By: Josh Lucas

Tips and Tricks: The Harmonic Minor Scale

We’re going to take a look at the harmonic minor scale, and how it differs from the natural minor scale. Does it sound like I’m speaking in a foreign tongue to you? That’s okay, because I’m going to give you examples that will help you learn as you play. In some cases you’ll find that you’ve been doing some of these things intuitively, and we’re just putting a name on a move that your fingers and ears already understand.

If not, that’s okay, too. Because we’re going to have fun. You do play the guitar for fun, right? Well, you’re in for a treat because we have a lot of examples here on these scales. Enough to keep you out of trouble for a while.


First let’s take a look at the notes in the key of A minor. A minor has no sharps or flats. The notes are

A
B
C
D
E
F
G

These are the same notes as the key of C major, we’re just starting and stopping in a different place. The notes of C major are,

C
D
E
F
G
A
B

Get the picture?

Good. Now look at this example on the high E string.

Here with our left hand in the fifth position (index finger above the fifth fret) we have the notes A, B, C, then we’re moving down into the third position and playing the notes, “G, A, G, A.”

All notes in the scale, “A minor.”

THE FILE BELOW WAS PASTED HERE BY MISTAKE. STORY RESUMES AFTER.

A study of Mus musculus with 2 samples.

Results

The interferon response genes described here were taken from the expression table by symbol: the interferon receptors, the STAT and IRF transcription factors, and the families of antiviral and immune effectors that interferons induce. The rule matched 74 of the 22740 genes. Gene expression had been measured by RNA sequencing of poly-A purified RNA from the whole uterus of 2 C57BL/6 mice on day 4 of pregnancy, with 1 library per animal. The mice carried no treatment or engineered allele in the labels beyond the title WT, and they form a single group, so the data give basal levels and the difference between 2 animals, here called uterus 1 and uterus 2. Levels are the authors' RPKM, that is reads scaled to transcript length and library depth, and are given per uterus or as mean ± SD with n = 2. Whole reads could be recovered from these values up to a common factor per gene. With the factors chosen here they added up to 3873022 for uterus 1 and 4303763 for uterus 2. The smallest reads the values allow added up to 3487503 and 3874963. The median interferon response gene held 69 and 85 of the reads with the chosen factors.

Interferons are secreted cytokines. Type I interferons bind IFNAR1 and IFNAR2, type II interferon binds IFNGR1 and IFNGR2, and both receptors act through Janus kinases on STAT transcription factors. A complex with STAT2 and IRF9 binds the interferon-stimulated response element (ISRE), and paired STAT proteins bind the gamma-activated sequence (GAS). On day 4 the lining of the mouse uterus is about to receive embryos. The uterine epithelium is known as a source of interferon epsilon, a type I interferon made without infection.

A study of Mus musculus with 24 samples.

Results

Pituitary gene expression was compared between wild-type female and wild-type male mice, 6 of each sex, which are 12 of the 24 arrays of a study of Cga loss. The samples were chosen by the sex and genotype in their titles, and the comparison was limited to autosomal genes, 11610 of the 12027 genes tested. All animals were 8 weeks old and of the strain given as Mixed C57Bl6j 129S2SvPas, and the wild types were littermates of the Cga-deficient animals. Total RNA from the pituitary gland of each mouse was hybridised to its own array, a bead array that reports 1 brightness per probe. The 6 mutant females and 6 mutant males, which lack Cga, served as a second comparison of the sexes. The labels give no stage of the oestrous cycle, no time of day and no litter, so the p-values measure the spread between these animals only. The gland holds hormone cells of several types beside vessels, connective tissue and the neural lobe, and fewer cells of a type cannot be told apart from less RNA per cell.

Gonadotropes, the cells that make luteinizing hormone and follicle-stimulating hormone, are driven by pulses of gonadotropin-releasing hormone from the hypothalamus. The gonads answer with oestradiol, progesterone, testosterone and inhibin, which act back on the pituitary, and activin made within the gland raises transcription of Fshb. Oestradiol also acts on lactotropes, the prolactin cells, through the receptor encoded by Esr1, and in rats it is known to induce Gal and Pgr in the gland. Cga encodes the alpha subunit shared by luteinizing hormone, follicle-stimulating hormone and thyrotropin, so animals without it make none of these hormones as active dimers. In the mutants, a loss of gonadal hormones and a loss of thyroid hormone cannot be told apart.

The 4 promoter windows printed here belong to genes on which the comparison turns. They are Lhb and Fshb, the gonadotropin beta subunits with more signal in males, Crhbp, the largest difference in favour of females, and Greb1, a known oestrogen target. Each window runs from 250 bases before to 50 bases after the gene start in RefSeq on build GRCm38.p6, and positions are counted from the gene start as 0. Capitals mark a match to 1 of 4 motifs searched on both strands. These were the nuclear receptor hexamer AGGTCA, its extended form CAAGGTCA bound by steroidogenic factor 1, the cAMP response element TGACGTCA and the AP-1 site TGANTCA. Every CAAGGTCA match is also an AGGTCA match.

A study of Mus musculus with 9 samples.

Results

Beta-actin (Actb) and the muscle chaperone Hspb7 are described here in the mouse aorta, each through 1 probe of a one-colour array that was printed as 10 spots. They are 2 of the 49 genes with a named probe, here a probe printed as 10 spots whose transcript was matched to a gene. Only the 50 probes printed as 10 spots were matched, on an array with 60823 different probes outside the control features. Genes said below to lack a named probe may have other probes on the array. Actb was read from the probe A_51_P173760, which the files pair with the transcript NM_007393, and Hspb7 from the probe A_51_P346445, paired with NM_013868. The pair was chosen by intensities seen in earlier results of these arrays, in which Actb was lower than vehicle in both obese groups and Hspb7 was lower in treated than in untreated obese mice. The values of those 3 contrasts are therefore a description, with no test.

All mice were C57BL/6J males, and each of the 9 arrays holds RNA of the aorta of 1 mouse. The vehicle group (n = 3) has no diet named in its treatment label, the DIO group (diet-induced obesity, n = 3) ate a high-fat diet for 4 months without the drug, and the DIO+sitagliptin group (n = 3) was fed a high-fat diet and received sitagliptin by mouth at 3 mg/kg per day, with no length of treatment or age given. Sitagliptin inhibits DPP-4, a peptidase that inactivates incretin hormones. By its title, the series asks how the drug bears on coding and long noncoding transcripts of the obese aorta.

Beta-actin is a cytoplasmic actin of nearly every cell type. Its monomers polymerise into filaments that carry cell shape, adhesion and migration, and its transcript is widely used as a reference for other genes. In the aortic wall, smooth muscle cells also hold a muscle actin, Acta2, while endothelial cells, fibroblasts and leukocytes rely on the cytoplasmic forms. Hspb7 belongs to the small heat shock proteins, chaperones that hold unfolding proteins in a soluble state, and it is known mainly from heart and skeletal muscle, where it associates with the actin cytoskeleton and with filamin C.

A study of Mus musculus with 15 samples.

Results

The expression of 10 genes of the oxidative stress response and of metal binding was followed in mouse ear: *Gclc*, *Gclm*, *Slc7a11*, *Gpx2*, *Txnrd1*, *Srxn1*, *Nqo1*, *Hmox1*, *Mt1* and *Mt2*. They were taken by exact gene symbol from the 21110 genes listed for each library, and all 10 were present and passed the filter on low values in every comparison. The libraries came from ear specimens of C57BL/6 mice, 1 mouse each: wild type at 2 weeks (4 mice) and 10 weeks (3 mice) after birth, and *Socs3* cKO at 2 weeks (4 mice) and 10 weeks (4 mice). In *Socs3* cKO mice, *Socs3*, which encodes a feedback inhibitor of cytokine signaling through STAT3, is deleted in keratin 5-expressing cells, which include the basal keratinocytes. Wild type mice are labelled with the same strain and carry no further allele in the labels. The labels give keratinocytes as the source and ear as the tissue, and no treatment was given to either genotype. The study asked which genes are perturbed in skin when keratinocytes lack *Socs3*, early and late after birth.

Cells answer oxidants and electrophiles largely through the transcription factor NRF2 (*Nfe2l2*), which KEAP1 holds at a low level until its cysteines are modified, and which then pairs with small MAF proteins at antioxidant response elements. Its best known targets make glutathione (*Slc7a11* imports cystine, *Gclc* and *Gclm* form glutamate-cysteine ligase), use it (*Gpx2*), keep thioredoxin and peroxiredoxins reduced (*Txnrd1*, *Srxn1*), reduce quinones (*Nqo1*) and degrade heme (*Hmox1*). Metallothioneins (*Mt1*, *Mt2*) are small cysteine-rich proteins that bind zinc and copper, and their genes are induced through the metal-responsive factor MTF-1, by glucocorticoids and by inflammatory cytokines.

To make the A Minor Scale into A Harmonic Minor all we need to do is change the note “G” to “G#”

A
B
C
D
E
F
G#

So take out your guitar, and play the same thing but let’s use G# instead of G.

Not too bad, right? Now let’s play through a couple more examples before I hit you with the theory behind the scale.

Let’s just look at the scale tones in order and number them for now.

  1. A
  2. B
  3. C
  4. D
  5. E
  6. F
  7. G → G#

So changing G to G# changes our scale from “A minor” to “A harmonic minor.”

What does it mean when G becomes G#?

To raise a note by a half step makes it “sharp.”

To lower a note by a half step makes it “flat.” 

So what we’ve done is raise G by a half step, making it G#. G# is only ½ step away (one fret away) from A. That’s why in the first examples you changed the “G” notes from the third fret to the fourth fret–to illustrate this one small difference between the scales.

Now, here’s the good part–here’s the natural minor scale, and harmonic minor scale in all positions on the fretboard.

A Harmonic Minor

I took out a lot of wide stretches between F and G#. Next time, we’ll get into my favorite–3 note per string scales.

So get your left hand stretched out with that augmented second interval between F and G#, will ya?